Child protection staff bemoan levels of bureaucracy
Child protection healthcare staff have said bureaucracy is keeping them from front line practice in Northern Ireland.
The complexity of cases involving domestic violence, drugs, alcohol and parental mental health has also increased, workers told Regulation and Quality Improvement Authority (RQIA) inspectors.
Significant progress was made in other areas to support vulnerable children.
An RQIA report said: "Staff reported that, while the number of cases social workers are expected to carry may remain fairly stable, the complexity of these cases is increasing all the time."
Some health trust staff expressed concern about the number of unallocated cases in the system, which is causing stress to social workers who are worried that these families are not receiving a service.
Concerns were also raised about temporary vacancies.
The report said: "Staff expressed particular concern about the amount of bureaucracy and form-filling they are expected to comply with, which they believe keeps them away from front-line practice."
The RQIA published its Review of Governance Arrangements for Child Protection in Northern Ireland on Tuesday.
Dr Lourda Geoghegan, RQIA director of quality improvement, said: "RQIA welcomes significant progress made to support improvement in outcomes for vulnerable children and their families in Northern Ireland.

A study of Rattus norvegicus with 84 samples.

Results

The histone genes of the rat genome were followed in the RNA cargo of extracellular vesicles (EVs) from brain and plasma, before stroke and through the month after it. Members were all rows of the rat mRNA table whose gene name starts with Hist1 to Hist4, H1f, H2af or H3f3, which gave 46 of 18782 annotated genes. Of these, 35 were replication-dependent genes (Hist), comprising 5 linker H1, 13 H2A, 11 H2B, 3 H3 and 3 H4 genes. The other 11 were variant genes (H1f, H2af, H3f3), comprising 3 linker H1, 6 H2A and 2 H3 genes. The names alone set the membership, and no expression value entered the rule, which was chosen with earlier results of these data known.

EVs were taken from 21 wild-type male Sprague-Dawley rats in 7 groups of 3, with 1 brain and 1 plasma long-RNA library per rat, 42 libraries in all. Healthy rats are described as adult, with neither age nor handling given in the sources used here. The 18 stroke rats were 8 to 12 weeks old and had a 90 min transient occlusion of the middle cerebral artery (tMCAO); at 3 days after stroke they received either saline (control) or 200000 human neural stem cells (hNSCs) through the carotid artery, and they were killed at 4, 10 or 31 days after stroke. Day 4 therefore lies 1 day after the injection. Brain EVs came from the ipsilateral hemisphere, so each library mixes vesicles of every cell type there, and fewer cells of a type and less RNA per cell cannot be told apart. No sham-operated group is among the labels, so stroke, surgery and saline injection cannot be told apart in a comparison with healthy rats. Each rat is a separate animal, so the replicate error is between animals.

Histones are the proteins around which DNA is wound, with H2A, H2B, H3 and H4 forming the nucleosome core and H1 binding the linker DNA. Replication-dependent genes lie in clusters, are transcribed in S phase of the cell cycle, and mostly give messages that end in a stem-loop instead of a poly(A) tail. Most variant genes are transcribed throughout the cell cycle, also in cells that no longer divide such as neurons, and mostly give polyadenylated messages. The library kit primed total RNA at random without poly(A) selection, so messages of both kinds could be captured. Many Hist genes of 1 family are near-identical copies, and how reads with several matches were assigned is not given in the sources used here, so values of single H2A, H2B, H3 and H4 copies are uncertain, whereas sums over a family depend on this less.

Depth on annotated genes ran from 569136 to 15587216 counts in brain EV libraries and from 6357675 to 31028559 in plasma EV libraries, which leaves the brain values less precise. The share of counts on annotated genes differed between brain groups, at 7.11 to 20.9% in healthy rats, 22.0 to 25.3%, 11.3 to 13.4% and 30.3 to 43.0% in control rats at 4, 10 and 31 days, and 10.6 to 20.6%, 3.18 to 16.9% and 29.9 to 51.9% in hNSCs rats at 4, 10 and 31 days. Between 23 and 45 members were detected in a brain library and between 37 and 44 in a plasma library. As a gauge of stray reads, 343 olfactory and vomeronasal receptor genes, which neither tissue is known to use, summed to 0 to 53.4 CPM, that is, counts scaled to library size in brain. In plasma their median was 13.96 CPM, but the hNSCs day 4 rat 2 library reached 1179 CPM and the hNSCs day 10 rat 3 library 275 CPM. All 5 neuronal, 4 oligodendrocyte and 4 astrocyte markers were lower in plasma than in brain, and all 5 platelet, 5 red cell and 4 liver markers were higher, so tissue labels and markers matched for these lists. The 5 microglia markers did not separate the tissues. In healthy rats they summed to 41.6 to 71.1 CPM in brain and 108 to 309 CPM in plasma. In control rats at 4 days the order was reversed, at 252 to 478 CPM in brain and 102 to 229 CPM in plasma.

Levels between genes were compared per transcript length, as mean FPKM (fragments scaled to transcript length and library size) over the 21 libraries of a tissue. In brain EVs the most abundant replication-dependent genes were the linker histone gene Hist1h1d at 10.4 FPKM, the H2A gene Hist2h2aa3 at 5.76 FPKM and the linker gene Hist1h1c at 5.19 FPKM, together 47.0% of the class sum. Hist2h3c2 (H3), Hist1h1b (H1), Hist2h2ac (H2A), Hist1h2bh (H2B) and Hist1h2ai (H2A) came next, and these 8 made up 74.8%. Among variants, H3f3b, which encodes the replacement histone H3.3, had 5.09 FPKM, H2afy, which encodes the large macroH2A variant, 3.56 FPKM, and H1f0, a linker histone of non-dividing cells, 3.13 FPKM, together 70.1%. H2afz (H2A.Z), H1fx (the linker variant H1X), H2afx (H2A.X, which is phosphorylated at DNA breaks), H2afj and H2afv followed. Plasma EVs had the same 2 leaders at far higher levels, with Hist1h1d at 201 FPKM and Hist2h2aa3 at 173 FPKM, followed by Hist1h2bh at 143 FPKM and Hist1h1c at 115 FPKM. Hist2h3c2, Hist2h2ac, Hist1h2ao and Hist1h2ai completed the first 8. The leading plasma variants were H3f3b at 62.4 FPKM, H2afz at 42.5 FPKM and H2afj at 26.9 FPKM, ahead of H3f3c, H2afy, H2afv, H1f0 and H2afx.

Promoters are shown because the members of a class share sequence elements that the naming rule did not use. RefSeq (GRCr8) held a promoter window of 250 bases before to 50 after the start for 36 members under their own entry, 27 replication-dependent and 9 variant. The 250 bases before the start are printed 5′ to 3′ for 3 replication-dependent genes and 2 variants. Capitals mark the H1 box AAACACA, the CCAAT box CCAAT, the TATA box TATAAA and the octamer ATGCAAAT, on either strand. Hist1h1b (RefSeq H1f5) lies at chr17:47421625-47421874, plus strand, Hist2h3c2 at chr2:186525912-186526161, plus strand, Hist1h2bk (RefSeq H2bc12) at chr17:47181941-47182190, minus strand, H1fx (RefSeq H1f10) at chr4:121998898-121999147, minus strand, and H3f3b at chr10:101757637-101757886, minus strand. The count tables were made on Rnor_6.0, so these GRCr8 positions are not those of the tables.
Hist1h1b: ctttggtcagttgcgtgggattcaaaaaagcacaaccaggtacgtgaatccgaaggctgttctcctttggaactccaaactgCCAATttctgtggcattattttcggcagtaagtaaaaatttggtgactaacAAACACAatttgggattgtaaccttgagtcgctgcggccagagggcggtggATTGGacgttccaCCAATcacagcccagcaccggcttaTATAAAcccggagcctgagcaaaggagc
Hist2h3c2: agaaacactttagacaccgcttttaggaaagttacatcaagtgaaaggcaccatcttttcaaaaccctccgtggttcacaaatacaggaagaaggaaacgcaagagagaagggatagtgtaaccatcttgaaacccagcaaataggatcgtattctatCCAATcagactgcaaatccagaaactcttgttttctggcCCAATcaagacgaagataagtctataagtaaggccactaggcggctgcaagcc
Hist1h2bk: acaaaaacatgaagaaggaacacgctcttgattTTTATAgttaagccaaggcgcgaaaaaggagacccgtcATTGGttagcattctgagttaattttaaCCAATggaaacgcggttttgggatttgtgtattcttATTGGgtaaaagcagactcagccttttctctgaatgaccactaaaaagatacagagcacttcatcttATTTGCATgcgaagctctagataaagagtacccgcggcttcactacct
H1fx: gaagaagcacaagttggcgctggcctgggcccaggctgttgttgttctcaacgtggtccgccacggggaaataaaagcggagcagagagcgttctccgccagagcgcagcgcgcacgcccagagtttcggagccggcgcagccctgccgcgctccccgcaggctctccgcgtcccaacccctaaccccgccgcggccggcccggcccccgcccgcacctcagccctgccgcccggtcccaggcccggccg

"We found evidence of strong leadership and a committed workforce, but noted concerns in relation to workload, which includes often complex cases, and the management of unallocated cases."
Dr Geoghegan continued: "We also found evidence of good training, supervision and records management, and effective inter-disciplinary working across all disciplines, including social care and paediatric teams."
The watchdog said the issue of temporary vacancies was a real concern for health trusts trying to cover short term absences, with staff reporting long delays in getting temporary replacements.
"All trusts expressed some frustration at the regional recruitment process and the Human Resources, Payroll, Travel and Subsistence (HRPTS) system implemented by the Business Services Organisation (BSO) in respect of recruitment.
"Staff believe that regional recruitment has led to unnecessary delays in recruitment and an unwelcome increase in management time, servicing the technical requirements.
"Trusts also reported challenges in providing a social work service in rural communities, as many social workers prefer to remain close to more densely populated areas.
"This is particularly difficult for Trusts attempting to cover large geographical areas which are sparsely populated."